The International Space Station has a delivery on the way, one containing important cargo for both the science experiments and astronauts on board. The space station receives regular cargo shipments; that’s nothing unusual. This month’s delivery will include something special for the crew, however, and it’ll arrive in time for Christmas.
Resupply missions are an important part of maintaining the International Space Station and the crew who lives on it. The team depends on these vital cargo runs to get food, items they need, scientific gear, and more. Earlier this week, SpaceX successfully launched a Dragon spacecraft containing ISS supplies, and included on it was Christmas dinner.
Astronauts are being provided with a traditional Christmas dinner, including smoked turkey breast, cranberry sauce, candied yams, and even fruitcake. The meal will arrive with the rest of the cargo in time for the holidays.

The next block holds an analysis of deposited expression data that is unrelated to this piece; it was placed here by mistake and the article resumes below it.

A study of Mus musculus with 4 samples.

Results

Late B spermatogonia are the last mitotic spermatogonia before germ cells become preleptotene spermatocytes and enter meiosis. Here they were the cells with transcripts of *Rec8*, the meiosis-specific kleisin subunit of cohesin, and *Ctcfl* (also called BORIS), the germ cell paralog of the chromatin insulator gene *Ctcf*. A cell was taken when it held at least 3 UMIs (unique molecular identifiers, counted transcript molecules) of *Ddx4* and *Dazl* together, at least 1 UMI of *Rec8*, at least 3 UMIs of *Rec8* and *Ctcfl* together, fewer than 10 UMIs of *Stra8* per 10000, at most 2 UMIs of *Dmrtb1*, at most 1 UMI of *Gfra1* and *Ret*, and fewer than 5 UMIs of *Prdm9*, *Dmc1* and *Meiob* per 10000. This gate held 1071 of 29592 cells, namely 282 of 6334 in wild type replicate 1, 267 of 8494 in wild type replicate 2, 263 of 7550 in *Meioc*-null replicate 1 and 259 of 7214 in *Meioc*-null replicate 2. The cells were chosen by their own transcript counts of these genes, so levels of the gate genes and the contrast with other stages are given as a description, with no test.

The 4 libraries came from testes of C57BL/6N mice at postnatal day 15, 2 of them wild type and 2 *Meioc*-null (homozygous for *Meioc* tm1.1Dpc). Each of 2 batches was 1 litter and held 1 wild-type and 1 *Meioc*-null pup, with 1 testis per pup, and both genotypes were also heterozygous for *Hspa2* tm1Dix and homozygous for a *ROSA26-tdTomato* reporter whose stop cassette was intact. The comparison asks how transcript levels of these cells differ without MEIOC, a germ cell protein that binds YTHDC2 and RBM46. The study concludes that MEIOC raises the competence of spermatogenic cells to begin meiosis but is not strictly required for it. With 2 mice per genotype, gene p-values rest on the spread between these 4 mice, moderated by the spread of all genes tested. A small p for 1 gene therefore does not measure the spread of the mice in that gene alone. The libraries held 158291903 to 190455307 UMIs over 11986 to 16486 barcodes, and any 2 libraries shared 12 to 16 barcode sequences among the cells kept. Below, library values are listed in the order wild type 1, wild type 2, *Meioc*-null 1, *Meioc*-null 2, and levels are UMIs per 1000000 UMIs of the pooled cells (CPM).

In addition to the special meal, this particular cargo supply includes 36,000 worms and 40 lab mice to be used as part of scientific studies on muscles and aging. NASA had to delay the cargo mission’s launch by a day after it discovered at the last minute that the rodent food was moldy.
The mouse food was replaced and the launch took place a day later than originally scheduled. SpaceX’s Falcon 9 rocket successfully delivered the capsule — which contains 5,600lbs of cargo — into orbit, but failed to land its booster.
SpaceX has notably managed to land its Falcon 9 rocket multiple times in the past, enabling the company to reuse it for future missions. Though the launch itself was successful, the booster experienced an issue with its landing fins that resulted in it spinning. The rocket stabilized at the last minute, ultimately landing in the ocean where it was recovered intact.